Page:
How To Make A Painting Look Old


Use vivid colors, bold brush strokes and voilà – you have a modern piece that will draw attention anywhere.

However, you may have a theme that cries out for an antique appearance.

A client may have a century home and wants a period piece to grace its walls, or you receive a commission from a historic society to recreate a painting for a restoration project.

How do you go about creating a painting that has the aged appearance, using modern paints and equipment?

Get Familiar With The Vintage Look

Start by familiarizing yourself with the appearance of old paintings in the medium you will use. Look at the colors artists used during that period and make note of them. Decide which contemporary colors in your palette will work, or what combinations you will need to use to create a similar hue.

Study the style and the texture. Examine the brush strokes. Look beneath the faded paper, yellowed or crazed varnish and accumulated dust to get a feel for what the audience saw when the painting hung in a gallery. Certain techniques, subjects and color palettes come in and out of fashion during every era. The period of time for which you are creating a painting may have several popular styles of painting, colors and techniques. Refer to a good book or internet site to study the painting of the era to become familiar with the colors choices and styles used by artists of that time.

Modern Painting Supports For Antique Paintings

The support is an important part of the puzzle as well. If the painting is a watercolor, check the tooth of the paper. Watercolor paper comes in three finishes. Hot press, cold press and rough are the standard variations in watercolor paper. The paper you use will make a big difference in the final look of the painting.

Oil and acrylic artists use stretched canvas as their primary support. Examine old canvases and note the thickness of the stretcher bars. Scrutinize the canvas to determine the coarseness of the fabric and estimate the number of layers of gesso used to prepare the support.

Some oil paintings were produced on wooden panels. Masonite is generally used as a support when wood is indicated and may be appropriate for some contemporary reproductions. Prepare the surface with gesso before painting the piece.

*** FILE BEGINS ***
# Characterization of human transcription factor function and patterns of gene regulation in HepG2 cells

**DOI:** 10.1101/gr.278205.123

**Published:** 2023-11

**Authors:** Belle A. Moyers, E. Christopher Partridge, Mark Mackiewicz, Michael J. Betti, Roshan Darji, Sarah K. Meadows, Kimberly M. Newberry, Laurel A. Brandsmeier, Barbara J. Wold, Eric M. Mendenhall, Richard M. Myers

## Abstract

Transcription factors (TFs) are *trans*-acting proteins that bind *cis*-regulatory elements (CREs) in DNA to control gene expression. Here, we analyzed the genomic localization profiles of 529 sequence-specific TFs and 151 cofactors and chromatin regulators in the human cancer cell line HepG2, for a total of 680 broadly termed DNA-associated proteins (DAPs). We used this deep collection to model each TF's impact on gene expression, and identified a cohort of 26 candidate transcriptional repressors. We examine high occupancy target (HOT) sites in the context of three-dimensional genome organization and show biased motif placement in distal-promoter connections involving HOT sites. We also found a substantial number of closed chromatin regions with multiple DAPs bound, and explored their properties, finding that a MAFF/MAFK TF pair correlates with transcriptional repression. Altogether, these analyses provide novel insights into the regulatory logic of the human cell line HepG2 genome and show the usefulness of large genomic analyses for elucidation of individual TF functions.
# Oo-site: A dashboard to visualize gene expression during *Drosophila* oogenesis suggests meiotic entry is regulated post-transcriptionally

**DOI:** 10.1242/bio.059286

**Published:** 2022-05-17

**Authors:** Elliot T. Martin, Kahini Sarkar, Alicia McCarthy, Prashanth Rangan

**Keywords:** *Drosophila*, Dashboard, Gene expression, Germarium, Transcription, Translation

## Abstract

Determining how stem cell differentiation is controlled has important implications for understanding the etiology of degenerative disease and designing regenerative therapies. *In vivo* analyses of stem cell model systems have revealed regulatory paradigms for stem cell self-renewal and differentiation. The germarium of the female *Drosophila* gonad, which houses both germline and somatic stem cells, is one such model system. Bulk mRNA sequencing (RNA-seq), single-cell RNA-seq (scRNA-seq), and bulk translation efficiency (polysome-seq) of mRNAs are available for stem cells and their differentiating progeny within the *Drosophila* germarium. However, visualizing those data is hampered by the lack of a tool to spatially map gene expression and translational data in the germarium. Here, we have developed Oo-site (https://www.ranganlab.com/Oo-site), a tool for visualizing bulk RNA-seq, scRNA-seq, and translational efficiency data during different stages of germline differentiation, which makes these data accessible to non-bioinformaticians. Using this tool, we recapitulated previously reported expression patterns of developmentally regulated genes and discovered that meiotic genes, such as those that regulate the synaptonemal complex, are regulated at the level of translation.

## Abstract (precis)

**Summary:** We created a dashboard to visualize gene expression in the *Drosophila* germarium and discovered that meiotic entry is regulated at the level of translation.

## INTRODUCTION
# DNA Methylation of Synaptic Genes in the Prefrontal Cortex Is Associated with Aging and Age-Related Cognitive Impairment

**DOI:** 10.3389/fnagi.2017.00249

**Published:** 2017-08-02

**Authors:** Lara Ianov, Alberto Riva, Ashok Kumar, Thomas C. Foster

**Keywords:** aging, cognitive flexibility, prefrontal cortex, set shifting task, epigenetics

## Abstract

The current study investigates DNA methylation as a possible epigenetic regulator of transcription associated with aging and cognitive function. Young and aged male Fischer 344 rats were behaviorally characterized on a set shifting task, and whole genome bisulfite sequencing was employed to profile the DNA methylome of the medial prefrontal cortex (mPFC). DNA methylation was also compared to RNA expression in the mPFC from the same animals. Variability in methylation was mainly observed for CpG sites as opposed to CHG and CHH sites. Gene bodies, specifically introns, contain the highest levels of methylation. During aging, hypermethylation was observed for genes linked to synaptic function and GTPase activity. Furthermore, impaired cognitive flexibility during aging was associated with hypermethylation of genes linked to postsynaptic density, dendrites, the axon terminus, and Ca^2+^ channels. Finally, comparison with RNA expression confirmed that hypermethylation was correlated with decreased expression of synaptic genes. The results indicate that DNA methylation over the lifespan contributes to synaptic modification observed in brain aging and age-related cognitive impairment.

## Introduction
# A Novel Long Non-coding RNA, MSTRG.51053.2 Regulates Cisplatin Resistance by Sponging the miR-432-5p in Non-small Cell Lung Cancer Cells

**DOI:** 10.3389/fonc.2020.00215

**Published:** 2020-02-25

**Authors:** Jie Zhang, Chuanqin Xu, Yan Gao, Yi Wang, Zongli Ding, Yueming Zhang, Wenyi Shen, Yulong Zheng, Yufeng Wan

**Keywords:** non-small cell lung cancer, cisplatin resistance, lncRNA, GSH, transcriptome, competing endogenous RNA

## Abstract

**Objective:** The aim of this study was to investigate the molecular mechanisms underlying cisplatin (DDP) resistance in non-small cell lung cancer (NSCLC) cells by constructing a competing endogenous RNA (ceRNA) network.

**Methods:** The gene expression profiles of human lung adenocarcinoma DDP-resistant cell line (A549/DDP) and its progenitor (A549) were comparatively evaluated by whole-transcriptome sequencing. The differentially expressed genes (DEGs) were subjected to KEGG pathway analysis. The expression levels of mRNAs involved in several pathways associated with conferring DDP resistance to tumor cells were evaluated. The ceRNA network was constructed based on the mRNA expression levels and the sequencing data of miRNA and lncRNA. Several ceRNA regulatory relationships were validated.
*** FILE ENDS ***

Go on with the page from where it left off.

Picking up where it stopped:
New Paint For An Old-Fashioned Look

You have studied the subject matter, examined the support and experimented with creating heirloom colors. Now is the time to put it all together to create a replica of an antique painting.

If you are a watercolorist, you may wish to tint your paper with a very pale yellow or ecru tint to give an instant aged appearance to the support. Conversely, you can glaze the entire sheet when the painting is complete to tone down the entire work.

Oil and acrylic painters can also use a glaze after completing their painting to give an aged appearance, or add an ochre, sienna or burnt umber to the finish varnish coat. Varnish is generally not as high-luster as modern finishes, so a matte or satin finish may be appropriate to give an aged veneer. Alternatively, a crackle medium can be applied to the completed painting, which instantly gives a crazed texture to the surface. To enhance the crackle effect, wipe the surface with a sponge or towel with burnt umber or sienna and quickly wipe off. This will emphasize the crazing and give an old, worn look to your art.

Put It All Together With A Frame That Fits

There are many replica frames available, and frame shops have books of thousands of frame moulds available. You can buy a new, old style frame or visit estate sales, junk stores and antique shops to find a particular style of frame. If the size you require is not available, purchase an over-sized frame and have your frame shop rebuild it to fit your painting.

Artists very often stockpile wonderful frames and create paintings that will fit the frames they have on hand. This is more cost effective than having an old frame rebuilt. If you see yourself doing this style of painting on a regular basis, haunt your city’s antique row or shop flea markets to acquire your own stash of great period frames.

This kind of painting may not be for everyone, but it is certainly an interesting exercise. The artist who removes himself from his normal comfort zone may well find his circle of interests expanding. Attempting new styles, even if they are new from a century ago, can broaden your range and develop new skills.